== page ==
Poll: Voters back Bloomberg's push against plastic foam
While critics blast Mayor Michael Bloomberg's proposed ban on plastic foam containers as a major overreach, a new poll indicates that a strong majority of New Yorkers don't mind his so-called nanny state politics.
And though they approve of Bloomberg's latest restriction campaign, the poll also shows that New York City voters view Rudy Giuliani as the best mayor in the last 50 years of the Big Apple.
Bloomberg, who's known for leading charges against large sugary drinks and smoking in Central Park, announced his latest target during his State of the City address earlier this month.
"Styrofoam increases the cost of recycling by as much as $20 per ton because it has to be removed," the mayor said. "Something we know is environmentally destructive, that is costing taxpayers money, and that is easily replaceable, I think, is something we can do without."
According to a Quinnipiac University poll released Thursday, 69% of voters support the ban against plastic foam food and drink containers, while 26% oppose it.
New York City voters, however, don't feel quite the same way about the ban on large sugary drinks. Slightly more than half of all voters oppose the ban, which was approved last fall. African American voters especially oppose it, with six in 10 saying it shouldn't be in place.
And while voters may like his new environmental push, Bloomberg's approval rating is slightly down from January 17. Voters approve of the job he's doing by 53%-40%, while 56% approved of him a little more than a month ago.
The outspoken mayor has had a big voice--and a big pocket--during the renewed debate over preventing gun violence. He also launched a super PAC last year to back candidates who align with his position on guns and education reform.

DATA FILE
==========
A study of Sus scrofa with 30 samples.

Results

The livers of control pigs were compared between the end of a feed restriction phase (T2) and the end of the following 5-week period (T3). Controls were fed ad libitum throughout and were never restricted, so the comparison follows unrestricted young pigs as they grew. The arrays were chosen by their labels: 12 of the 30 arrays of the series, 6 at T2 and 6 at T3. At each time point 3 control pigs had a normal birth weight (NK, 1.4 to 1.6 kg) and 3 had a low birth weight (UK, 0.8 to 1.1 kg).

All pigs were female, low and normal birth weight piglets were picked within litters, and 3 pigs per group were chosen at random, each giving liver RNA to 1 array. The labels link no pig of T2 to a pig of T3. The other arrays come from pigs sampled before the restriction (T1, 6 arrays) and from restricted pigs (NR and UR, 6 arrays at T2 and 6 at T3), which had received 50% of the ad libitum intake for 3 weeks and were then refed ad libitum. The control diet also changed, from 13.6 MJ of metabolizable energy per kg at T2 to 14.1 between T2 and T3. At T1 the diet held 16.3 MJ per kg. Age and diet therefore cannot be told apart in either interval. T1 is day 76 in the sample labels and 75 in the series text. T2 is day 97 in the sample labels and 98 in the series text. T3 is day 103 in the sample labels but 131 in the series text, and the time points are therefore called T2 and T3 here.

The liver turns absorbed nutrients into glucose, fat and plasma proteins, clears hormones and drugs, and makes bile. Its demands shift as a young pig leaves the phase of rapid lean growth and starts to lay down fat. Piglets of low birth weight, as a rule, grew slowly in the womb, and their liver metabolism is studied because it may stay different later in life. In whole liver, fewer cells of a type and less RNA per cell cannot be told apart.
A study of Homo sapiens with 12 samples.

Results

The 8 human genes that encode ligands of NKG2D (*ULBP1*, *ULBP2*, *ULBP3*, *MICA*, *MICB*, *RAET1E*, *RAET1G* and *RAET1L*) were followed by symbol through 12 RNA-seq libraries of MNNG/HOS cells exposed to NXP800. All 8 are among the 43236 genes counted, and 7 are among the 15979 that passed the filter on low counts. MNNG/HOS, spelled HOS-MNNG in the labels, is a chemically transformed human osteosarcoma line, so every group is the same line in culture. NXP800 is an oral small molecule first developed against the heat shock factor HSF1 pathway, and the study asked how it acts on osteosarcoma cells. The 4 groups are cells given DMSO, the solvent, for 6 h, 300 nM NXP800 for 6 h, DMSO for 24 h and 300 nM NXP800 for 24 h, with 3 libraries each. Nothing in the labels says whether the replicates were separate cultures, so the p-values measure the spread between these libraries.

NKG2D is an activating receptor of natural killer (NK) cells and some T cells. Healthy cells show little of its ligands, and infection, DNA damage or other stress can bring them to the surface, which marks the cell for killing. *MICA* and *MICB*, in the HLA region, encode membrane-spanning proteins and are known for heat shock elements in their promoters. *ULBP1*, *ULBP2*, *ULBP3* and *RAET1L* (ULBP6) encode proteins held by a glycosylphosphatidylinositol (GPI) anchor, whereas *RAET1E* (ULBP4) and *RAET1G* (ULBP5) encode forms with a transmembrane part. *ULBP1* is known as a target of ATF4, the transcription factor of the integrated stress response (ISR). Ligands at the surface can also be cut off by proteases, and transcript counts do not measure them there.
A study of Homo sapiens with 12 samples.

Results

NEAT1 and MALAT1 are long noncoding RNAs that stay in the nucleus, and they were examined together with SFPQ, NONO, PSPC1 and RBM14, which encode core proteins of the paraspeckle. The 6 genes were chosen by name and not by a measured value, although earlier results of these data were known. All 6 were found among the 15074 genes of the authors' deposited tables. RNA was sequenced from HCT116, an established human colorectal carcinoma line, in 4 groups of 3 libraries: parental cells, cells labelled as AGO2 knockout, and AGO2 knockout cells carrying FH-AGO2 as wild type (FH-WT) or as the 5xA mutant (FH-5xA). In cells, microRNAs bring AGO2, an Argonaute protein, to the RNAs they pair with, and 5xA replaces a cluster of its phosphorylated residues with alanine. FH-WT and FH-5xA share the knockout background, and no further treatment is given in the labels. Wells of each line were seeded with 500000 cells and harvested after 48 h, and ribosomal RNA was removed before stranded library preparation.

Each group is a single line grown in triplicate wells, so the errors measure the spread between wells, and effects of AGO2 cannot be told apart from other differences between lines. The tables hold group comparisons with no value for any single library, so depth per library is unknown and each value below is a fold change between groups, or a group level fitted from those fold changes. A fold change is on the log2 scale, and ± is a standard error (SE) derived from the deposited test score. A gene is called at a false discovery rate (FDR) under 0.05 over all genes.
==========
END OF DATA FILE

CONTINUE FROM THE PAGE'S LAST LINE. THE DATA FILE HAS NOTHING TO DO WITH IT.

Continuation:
"Mayor Bloomberg maintains his pretty-good-for-a-third-term job approval. No more of those 70 percent numbers that were routine in his second term. But, as his tenure winds down, we still like him," said Maurice Carroll, director of the Quinnipiac University Polling Institute.
But of all the city's mayors in the last half-century, 31% voters say Giuliani did the best job. The Republican served two terms from 1994-2001, with his finals months in office consumed by the 9/11 terrorist attack. Giuliani won high praise for his handling of the aftermath and, before that, had a reputation for being tough on crime.
Meanwhile, 25% of voters said the late Ed Koch was the best mayor. The Democratic mayor, one of the very few in the city's history to serve three terms, was in office from 1978 to 1989. He passed away on February 1.
Slightly less, 24% of New Yorkers, consider Bloomberg, an independent, to be the most successful mayor. David Dinkins and John Lindsay each got 6% of support, with 1% choosing Abe Beam.
For the survey, Quinnipiac interviewed 1,017 New York City voters by telephone from February 20-25. The poll's sampling error is plus or minus 3.1 percentage points.